Disney Streaming Service Details Surface; No R-Rated Content or Netflix Marvel Shows

     February 8, 2018


As the world of “television” continues to evolve and the industry awaits Apple’s entrance into the field with bated breath, Disney is also quietly firming up plans for its highly anticipated streaming service. The Mouse House began making plans for its own streaming service a couple of years ago, but with it expected to launch in Fall 2019, Disney is starting to put into production the content that will first be available when it’s released—and details about the films and TV shows we can expect are starting to surface.

Per Deadline, Disney has begun meetings in the creative community about the new Disney streaming service, from which we can gauge kind of what they’re planning. No price point just yet, but the big news—which isn’t super surprising—is that the streaming service will not include any R-rated movies when it launches. R-rated content will go on Hulu, which has a deal with 20th Century Fox—which Disney is in the process of buying. Speaking of which, there has been no mention of how Fox content will fit into the new service, since that deal is far from done and there are a lot of details that still have to be worked out.


Image via Warner Bros.

The Disney streaming service will launch in Fall 2019, first with a domestic-only service and then expanding overseas after that. The content on the streaming service will be consistent with the Disney brand, but right now the plan is to leave the various Marvel series on Netflix for the time-being. That doesn’t meant the Marvel Netflix shows won’t eventually be available on the Disney streaming service, but those grittier and more violent series will continue to be developed and launched at Netflix for now.

Within the first year, Disney hopes to launch four or five original movies and five TV series. The TV shows will cost between $25 million and $25 million for 10-episode seasons, but there exists the possibility that one or two really big shows might have a cap of $100 million for a 10-episode season—which would allow them to compete with the scale of shows like Game of Thrones or Westworld.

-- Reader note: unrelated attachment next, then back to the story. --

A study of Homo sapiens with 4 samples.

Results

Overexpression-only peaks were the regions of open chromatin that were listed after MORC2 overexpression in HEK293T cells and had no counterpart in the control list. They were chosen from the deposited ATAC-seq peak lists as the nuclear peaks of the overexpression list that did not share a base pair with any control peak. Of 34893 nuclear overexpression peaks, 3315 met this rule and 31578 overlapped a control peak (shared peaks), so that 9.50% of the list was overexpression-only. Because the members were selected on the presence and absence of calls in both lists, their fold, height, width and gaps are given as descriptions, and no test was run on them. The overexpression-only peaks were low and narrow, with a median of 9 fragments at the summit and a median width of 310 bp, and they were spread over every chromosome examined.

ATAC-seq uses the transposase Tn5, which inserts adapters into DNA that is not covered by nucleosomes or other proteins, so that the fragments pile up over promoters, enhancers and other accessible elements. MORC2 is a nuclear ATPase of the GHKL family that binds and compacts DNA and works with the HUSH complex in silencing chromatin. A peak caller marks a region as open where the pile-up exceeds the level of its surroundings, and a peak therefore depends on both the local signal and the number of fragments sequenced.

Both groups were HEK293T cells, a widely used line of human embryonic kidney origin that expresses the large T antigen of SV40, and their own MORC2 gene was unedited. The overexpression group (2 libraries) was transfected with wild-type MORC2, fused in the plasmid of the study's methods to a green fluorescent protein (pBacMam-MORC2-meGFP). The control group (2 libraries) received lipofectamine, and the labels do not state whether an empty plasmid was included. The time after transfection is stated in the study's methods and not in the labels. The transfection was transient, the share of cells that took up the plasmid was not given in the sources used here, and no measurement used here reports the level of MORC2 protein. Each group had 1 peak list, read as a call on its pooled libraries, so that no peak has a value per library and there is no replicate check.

Disney is actually already holding back content for the streaming service. They removed the Mark Waters-directed comedy Magic Camp from the release schedule last year and that’s being earmarked to debut on the streaming service, as is the Anna Kendrick and Bill Hader-fronted Christmas comedy Noelle, which just wrapped production.


Image via Disney

Other priority movie projects include a new Lady and the Tramp, Don Quixote written by Billy Ray (Captain Phillips), The Paper Magician, Stargirl, and Togo. Deadline also reports that the live-action Sword in the Stone movie would also be made for the streaming service, which explains why Ridley Scott is in talks to direct a live-action Merlin movie for Disney as well—one goes on the streaming service, one goes to theaters. There’s also a 3 Men and a Baby reboot and a Tom McCarthy-directed film called Timmy Failure in development to potentially debut on the streaming service.

The big question here is, what kind of quality is Disney looking for for this streaming service? Are we getting Disney Channel Original Movie-level films here, or will we get stuff on the level of Pete’s Dragon or Saving Mr. Banks? Judging by the completed projects like Magic Camp and Noelle it feels like the latter, albeit maybe a little more skewed towards younger audiences.